The West Virginia Racing Commission Oct. 22 upheld a hearing officer's recommendation not to lessen penalties given to two horsemen involved in the use of a "program trainer" at Hollywood Casino at Charles Town Races.
The commission, acting on a Sept. 20 recommendation by hearing examiner Jeff Blaydes, upheld indefinite license ineligibility for trainer Scooter Davis and a one-year suspension for trainer Doug Shanyfelt that extends through March 24, 2014.
Both men have the option of appealing the unanimous WVRC decision in circuit court.
Davis had been under suspension for six months through Feb. 21, 2013, for a clenbuterol positive, but before the suspension ended Perfect Start, a horse he owned and trained as of Aug. 11, 2012, raced six times at Charles Town and Mountaineer Casino, Racetrack & Resort, according to legal documents. Shanyfelt was listed as trainer and Noelle Kucera as owner.
The hearing examiner's report states that Davis transferred about 50 horses to Shanyfelt, who was told by stewards Davis could not be involved in their training. Video surveillance in a barn area across the street from Charles Town caught Davis on tape at trainer Freddie Johnson's barn, where Shanyfelt was leasing space for seven horses, on Feb. 13.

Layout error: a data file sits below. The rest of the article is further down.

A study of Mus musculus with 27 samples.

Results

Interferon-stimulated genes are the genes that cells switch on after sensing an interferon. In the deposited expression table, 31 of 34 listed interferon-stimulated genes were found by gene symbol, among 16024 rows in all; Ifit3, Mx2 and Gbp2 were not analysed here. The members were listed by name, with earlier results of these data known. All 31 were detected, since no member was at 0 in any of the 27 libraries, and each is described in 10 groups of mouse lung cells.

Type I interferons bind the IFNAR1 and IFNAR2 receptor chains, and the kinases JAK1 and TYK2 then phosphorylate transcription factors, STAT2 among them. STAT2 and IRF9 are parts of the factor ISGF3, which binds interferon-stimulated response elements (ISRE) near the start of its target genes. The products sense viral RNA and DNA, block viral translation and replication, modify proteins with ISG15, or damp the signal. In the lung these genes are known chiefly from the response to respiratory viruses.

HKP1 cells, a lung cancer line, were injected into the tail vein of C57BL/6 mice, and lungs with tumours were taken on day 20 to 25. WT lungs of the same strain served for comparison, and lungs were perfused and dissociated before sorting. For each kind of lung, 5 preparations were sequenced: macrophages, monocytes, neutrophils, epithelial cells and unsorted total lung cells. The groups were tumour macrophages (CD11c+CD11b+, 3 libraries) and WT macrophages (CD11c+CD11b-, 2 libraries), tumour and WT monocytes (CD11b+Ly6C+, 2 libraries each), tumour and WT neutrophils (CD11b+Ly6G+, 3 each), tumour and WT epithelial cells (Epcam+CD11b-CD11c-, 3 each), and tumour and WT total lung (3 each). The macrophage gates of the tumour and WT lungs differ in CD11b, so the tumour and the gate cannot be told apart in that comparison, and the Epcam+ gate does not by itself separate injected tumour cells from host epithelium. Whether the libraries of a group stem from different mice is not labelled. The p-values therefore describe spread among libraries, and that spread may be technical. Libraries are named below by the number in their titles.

"The video evidence clearly depicts Davis exercising care, custody, and control of a Thoroughbred going to race at the track," the report states.
Davis and Shanyfelt were ejected by Charles Town in the case, as were Davis' father, Billy Ray Davis, and Cliff Tuomiso. The four men appealed their ejections; the WVRC is holding off on those hearings until the permit issues are resolved.
In another case, the WVRC upheld Blaydes' recommendation involving Stephen Pollard, who was ejected by Charles Town officials for saddling a horse he didn't train. Blaydes recommended the ejection be upheld, but he also recommended an expiration date for the ejection.
The WVRC began the process of hearing appeals from ejected permit-holders after the state Supreme Court of Appeals, in a 3-2 vote in November 2011, sided with the commission in its contention that such individuals have the right to appeal ejections. The opinion stemmed from a legal case involving jockeys ejected from Charles Town for allegedly misrepresenting their riding weights, but other permit-holders have fought ejections at Charles Town as well.